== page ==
Budget Breakdown

The student body and faculty can all agree that this year has not been easy. You can see the stress of the budget situation reflected in teachers faces. Most everyone has had to make sacrifices, and do things they would not have done because of the budget craziness. The sad thing is the worst is yet to come.
 
“I know in photo class we had less film to work with and when the paper was gone, we were out of paper,” senior Megan Bracciano said. “Teachers started making us print our own worksheets [at home].
 
Teachers and students have had to be budget conscious, but with decisions from the school board to not close schools it is clear that the worst is yet to come.
 
Teachers won’t have it any easier than students in the coming years. The district has to cut 20 teachers to make up the budget deficit, and while some of these will be accounted for with retirements, non-tenured teachers (new teachers, or teachers new to the district) can easily be released and, therefore, have a lot to worry about.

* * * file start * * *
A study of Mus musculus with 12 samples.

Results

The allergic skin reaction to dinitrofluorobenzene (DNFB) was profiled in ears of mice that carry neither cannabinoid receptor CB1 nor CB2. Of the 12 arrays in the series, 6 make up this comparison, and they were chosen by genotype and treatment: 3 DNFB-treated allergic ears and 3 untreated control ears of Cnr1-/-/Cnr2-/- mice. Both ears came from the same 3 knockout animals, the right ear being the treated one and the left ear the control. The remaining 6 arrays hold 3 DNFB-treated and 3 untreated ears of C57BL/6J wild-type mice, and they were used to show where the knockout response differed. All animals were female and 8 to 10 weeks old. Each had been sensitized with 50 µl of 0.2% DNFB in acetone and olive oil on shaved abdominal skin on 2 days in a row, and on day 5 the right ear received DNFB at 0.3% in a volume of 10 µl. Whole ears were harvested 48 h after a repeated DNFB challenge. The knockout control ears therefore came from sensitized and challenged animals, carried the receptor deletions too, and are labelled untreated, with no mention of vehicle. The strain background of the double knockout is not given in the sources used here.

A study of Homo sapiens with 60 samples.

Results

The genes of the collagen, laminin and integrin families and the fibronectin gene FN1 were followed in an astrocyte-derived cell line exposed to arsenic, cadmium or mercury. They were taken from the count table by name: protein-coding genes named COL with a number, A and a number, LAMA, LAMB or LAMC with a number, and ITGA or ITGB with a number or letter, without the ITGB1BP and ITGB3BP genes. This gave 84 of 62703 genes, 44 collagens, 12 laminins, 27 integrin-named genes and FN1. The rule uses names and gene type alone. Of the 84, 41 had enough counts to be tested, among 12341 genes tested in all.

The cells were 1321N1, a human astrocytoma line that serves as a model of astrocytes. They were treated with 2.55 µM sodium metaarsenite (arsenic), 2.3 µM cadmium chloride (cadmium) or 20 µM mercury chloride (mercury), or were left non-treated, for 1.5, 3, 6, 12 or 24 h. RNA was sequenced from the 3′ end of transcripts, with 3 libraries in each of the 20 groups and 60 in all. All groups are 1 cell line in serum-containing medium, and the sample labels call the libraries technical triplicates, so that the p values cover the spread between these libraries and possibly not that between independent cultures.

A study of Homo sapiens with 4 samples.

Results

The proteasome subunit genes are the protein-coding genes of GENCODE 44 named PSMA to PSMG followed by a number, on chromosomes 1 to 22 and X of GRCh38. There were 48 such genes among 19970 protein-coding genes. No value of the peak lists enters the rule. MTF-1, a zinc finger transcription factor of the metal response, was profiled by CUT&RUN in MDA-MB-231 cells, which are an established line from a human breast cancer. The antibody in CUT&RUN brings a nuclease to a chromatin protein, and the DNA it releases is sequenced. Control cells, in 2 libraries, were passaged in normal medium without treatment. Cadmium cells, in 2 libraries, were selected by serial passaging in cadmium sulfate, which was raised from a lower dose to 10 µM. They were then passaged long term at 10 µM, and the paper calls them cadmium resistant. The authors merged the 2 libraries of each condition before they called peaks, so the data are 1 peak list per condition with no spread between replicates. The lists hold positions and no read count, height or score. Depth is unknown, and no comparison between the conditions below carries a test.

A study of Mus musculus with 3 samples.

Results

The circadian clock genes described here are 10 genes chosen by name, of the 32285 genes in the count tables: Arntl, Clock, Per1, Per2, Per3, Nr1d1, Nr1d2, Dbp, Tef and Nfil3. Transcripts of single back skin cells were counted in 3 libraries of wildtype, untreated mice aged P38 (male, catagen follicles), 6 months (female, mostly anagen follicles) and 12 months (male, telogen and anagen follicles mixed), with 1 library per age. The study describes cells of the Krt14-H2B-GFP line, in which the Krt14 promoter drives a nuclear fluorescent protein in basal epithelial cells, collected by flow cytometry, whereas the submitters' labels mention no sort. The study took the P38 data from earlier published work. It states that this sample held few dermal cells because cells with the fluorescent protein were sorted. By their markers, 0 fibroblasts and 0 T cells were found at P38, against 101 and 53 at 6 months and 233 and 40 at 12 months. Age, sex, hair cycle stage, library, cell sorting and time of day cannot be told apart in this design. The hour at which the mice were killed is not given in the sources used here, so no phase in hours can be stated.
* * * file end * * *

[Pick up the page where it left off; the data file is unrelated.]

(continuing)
Social Studies teacher Philip Mitchell is a member of this group.
 
“I’m still here,” Mitchell said. “I like it [at Free State], and I think they like me. It’s all just numbers.”
 
Teachers are not the only ones at risk. Other staff members, such as librarians Betty Kiline and Diane Toplikar will be directly affected by the cuts. One liberian will be moved to another school, but school board officials have not decided which librarian will move yet. 
 
“I think we are all aware of the budget situation,” Toplikar said. “I think this has been a very difficult year as that has loomed over the school.”  
 
“We really don’t know what’s going to happen,” Kline said.
Fewer teachers also means fewer classes and a higher student to teacher ratio. This also means the classes that don’t have enough students enrolled will not be offered next year.
 
“We are just going to have to figure out how to do our job the best we can,” Mitchell said. “I think we will notice a difference next year.”
 
Next year certainly won’t be easier by any means. It will take several years before the budget situation calms down. Tough choices were made by the school board and changes are going to be clear in the coming years because of these choices.
“Education has been around for a long time and people have done it with a lot less,” Mitchell said.